Is raising the Tax Free Savings Account limit unjust?

It all comes down to whether you are in favour of freedom or government coercion


The government promotes the planned for TFSA limit increase as a means for Canadians to “keep more of what they earn” and to save more easily for retirement. It also helps low-income Canadians and those who live on social assistance by not punishing them for income on investments, allowing them to save without fear of losing their benefits.

Tax Free Savings Account opposed by Broadbent Institute

Critics, like the left-leaning Broadbent Institute, say that the TFSA plan needs a serious rethink. They claim that the primary beneficiaries of the TFSAs, and of any future annual limit increases, are the wealthy and well-to-do, those who have the means to give the maximum contributions. Rhys Kesselman, an economist at the Broadbent Institute, says that the proposals will also “deprive” the government of billions in revenue as the programs mature.

tax free savings account
Why would anyone oppose Canadians keeping more of their money through a Tax Free Savings Account?

Some may glance over these stories thinking they are just dull financial and economic news. Others may have a self-satisfied sneer at the “rich” and how they are always benefitting more than everyone else before clicking to another story. That is a shame, because this story is, in fact, an example of an important issue: who is better able to make use of money, the citizenry or the government?

Social democratic critics like the Broadbent Institute believe that government has a great ability to deliver public goods and benefits most efficiently by collective (in the end, coercive) action. Government can almost provide a measure of equality and prevent great disparities in wealth. Thus they believe that governments have a very great claim on the income of their citizens, almost a right to it – notice that Kesselman says that the TFSA contribution limit will “deprive” government of revenue, as if Revenue Canada had a right to our money the way a citizen has a right to life, liberty, and private property.

Economic liberals, on the other hand, place greater trust in people to look after their own interests, believing that governments’ role is primarily to provide impartial justice and enforcement of contracts along with law enforcement and defence. They fear government overreach and inefficiencies, as well as the possibility of petty repression and exploitation, interfering in people’s looking out for their own good in the name of dubious “common good” projects.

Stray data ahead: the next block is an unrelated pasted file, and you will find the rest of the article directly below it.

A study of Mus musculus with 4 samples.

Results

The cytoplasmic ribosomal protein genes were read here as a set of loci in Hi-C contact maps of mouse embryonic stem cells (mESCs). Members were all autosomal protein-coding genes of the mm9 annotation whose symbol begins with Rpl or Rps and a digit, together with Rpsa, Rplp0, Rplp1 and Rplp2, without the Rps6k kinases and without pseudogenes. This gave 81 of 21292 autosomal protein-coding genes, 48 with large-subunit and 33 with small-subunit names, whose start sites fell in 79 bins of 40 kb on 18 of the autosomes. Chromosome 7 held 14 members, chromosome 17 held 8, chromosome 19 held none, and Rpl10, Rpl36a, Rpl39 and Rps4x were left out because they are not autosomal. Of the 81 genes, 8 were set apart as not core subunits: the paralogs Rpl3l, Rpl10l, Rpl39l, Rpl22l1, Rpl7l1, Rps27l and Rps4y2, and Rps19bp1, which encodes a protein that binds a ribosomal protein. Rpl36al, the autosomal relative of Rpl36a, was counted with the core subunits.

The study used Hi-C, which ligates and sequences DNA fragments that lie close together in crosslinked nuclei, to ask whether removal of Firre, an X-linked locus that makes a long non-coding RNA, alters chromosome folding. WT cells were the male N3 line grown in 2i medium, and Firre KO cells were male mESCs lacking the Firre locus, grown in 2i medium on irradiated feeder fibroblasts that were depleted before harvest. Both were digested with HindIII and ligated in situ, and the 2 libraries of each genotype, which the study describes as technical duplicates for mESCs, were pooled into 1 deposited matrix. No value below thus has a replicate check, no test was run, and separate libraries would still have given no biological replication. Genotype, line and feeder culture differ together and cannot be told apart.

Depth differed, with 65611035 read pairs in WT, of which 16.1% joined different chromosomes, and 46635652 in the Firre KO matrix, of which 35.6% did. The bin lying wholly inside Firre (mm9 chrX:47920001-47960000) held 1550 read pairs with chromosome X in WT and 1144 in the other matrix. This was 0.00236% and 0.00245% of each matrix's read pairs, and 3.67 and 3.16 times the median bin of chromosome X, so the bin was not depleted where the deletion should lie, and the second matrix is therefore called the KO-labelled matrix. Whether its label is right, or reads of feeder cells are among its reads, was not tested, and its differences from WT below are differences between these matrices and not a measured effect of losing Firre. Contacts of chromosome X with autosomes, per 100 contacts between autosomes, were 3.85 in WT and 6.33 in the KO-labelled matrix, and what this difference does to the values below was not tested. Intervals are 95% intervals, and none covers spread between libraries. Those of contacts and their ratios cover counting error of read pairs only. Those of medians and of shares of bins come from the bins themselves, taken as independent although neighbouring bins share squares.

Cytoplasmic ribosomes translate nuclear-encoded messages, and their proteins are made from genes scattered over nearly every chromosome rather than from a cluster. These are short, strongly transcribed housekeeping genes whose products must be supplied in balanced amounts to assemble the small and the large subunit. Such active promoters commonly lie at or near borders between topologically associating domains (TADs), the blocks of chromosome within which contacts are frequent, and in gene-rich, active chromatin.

When one looks at the enormous level of non-mortgage debt held by Canadians, it’s pretty obvious that many, many people would be better off with someone else controlling and managing their money. When we see people buying homes and sports cars and boats they cannot afford, dependent completely upon the goodwill or foolishness of their creditors, it’s tempting to believe that what money they have could have been better spent on building roads and funding public healthcare. This is a point in favour of those who lament the government being “deprived” of revenue in the future.

In the economic liberals favour, however, is that their method preserves and protects freedom. Leaving people to spend their money as they will, either to fritter it away on luxuries and vanities or to prudently invest it, is more respectful of people’s individual choices than taking it for collective spending. Further, why should we believe that, if so many Canadian households are massively in debt, those same people, now elected to the legislature or in charge of spending public funds in bureaucracies, will suddenly become wise and sagacious in how they spend tax dollars?

All in all, Tax Free Savings Account a good idea

The economic liberals can, however, go too far. Some believe that any amount of government taxation is unjustified oppression. I would advise those extremists that the country of their dreams, the land of unbounded personal liberty, already exists: it is called Somalia.

While government spending can in many cases alleviate poverty and want, it cannot make people prudent or virtuous. Only freedom, the right to experiment and to take responsibility for one’s decisions, can do that. Increased possibilities for tax-free savings expand people’s capacities for exercising free choice, and should be protected.

I am in favour of the government’s proposed raising of the TFSA limit.

Michael Flood is a marketing writer and communications consultant. He holds an MA in Philosophy from the University of Alberta.